I began by making notes. I pulled up the Arabic character set off of Wikipedia, the whole alphabet, and then did the same for Urdu. I recognized the Arabic characters, and hence also all the common Urdu ones. Then I figured out which ones I didn't recognize and what sounds they made and how they were used.
Here, knowing Hindi was very helpful because it is written phonetically.
Here, on the right most is the Urdu alphabet. In column two are the names of the letters, in Column three and four are the sounds they produce. In column five are the way the letters look when they are written in the middle of a word.
All the characters have rules as to they must join the other characters, for example the character Alif never connects to the character that comes right after it. If one connects it, it may be read as the character Lam, which produces the “l” sound. Fortunately, I didn't have to learn these rules since I sort of remembered them from Arabic. I also didn't have to worry about learning the grammar or the accent of speech in Urdu because Hindi and Urdu when spoken are almost unintelligible, except for specific vocabulary.
At around this time, I was also reading City of Djinns, by William Dalrymple, which is about the year that he spent in Delhi. The narrative weaves in and out through the centuries, skipping back and forth, much like the city itself is now, a patchwork of different peoples and rulers.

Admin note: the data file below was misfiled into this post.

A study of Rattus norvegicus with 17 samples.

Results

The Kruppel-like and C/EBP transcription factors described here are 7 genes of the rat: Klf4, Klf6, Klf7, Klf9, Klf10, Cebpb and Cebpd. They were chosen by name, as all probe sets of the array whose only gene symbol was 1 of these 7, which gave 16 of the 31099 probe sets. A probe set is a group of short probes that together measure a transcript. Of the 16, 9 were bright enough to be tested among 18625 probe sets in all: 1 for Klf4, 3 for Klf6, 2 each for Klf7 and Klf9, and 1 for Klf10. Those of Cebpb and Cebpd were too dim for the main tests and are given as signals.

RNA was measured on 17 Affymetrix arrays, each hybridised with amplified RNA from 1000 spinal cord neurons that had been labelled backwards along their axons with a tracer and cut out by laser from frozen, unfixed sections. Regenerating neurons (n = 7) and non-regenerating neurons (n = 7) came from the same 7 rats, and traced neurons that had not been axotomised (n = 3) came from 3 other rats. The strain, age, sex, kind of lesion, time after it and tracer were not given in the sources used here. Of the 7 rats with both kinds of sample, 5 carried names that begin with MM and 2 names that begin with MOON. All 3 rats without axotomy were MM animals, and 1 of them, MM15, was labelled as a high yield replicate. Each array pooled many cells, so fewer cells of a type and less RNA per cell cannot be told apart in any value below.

From this book, for the first time, I saw this about Delhi: the idea of a cultural shift from pre-partition Delhi to post partition Delhi. I also see it as a cultural shift for the whole of Hindustan, (by which I mean modern day India as well as what is now Pakistan and Bangladesh). In Delhi, suddenly, the majority of the Urdu speaking Muslim community, which made up most of old Delhi, and had comprised it for the past 500 odd years, upped and fled to Pakistan, leaving in their stead all of the refugees from the Punjab.
So the majority of the 2000-year-old Delhi’s population now is a mere 68 years of age, and its native tongue, had partition not taken place, Urdu, has diminished vastly. Pakistan, on the other side of the border, declared it their National language. This feeling of the loss of the language of my city, as I saw it, made me begin to think harder about the subject.
With such a beautiful language, to listen to, to look at, I wondered how I could take it forward. In the meanwhile, I kept studying the alphabet and trying to read things I saw online. I wanted to read it fluently enough to read Faiz and Manto in their original Urdu.